A year-long series of weekly essays re-imagining the Reforming Church commemorating the Reformation’s 500 years of service to the Gospel.
In the Reforming Church, all Followers of Jesus are called to share the good news of Jesus Christ. Still, there are some who are especially called to be present in the community as Evangelists. For some Followers of the Way, service as an Evangelist may be a life’s vocation. As it is an office in the Reforming Church, Evangelists are called and sent by a congregation.
The mission of Evangelists is to live in the community as faithful witnesses of Jesus Christ. In this capacity, Evangelists have an interest in the community shaped by Jesus’ sense of the prophetic task. Evangelists work for the welfare of the community (Jeremiah 29:7). Their lives are invested in those who suffer hunger, in those who are poor, as well as in those whose lives flounder in sorrow and grief, illness and loneliness, oppression and alienation, sin and misdirection (Matthew 25:34-36). They are the friend of sinners. They serve for the unity of the Church in every expression (Luke 7:34). They seek and live in amicable relationship with those who do not believe, cannot believe, or believe in another way. They serve to organize communities of believers to gather together to form cohesive mission outposts.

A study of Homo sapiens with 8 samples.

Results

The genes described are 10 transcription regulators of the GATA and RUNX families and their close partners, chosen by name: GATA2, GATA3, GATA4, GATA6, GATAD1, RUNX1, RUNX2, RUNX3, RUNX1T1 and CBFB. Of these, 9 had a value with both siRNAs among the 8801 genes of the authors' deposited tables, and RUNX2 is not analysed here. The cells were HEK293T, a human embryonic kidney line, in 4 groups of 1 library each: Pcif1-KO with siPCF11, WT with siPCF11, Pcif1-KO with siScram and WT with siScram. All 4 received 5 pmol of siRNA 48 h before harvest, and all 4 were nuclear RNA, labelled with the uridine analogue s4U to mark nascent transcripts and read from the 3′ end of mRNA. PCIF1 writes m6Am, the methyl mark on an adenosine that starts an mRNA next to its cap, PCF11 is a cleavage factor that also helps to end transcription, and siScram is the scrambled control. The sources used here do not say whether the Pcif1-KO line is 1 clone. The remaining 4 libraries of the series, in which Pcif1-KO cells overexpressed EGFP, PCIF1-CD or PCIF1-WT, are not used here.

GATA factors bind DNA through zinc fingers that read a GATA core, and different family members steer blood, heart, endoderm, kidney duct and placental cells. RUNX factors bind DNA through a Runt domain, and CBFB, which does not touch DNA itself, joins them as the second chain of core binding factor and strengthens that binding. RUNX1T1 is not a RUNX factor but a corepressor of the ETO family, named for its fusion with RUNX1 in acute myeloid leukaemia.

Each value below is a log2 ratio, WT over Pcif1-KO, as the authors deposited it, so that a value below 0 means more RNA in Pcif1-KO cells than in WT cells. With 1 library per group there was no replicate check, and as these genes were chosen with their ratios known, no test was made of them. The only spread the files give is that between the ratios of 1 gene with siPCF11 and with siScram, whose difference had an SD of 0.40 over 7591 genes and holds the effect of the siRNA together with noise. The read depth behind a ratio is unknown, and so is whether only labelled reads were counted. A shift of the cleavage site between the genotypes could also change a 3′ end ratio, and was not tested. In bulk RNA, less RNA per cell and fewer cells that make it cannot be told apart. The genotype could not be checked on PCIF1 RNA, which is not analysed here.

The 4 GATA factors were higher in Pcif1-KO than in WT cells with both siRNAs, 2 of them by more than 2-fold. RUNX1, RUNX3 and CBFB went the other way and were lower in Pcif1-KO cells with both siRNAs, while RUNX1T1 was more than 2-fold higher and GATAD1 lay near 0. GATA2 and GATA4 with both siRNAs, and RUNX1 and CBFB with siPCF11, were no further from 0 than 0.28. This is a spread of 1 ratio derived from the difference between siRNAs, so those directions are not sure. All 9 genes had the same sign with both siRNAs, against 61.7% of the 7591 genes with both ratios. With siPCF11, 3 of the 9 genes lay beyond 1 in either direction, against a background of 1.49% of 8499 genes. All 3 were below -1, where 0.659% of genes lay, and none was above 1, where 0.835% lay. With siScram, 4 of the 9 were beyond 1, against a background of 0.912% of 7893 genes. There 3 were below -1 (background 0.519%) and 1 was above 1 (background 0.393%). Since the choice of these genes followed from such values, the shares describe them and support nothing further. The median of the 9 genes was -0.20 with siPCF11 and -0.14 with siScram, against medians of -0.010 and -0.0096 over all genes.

It is in this sense that Evangelists bear witness to the good news of Jesus Christ.
Everyone who serves in this office organizes their congregation of Followers of the Way to serve in the community, but this is a particular focus of those who have made Evangelism their vocation.
The Reforming Church seeks to be involved in every aspect of its larger community, seeking its welfare. Followers of the Way of Jesus may be deployed in school board meetings, park district meetings, village council meetings. They may actually serve in some official capacity in the community. They visit those who are in the community’s jails as well as those who are hospitalized. Their service will take them to the firehouse as well as the police station and the city hall. They are essentially present as a community chaplain. But their service may also be as common and as simple as forging a relationship as a block ambassador in their neighborhood. Or they may be helpers in concert with others trying to alleviate hunger and homelessness.
The Evangelist’s message is forged in relationships. They learn that their message is persuasive only in the context of having first heard the story of the other. Evangelists bind themselves to the other in a lifelong relationship, especially if their message cannot be heard favorably. Evangelists nurture indelible relationships especially with those who cannot believe and do not want to be Followers of the Way.
Next week, I will describe the responsibilities of the fourth office of the Reforming Church – the Office of the Elder.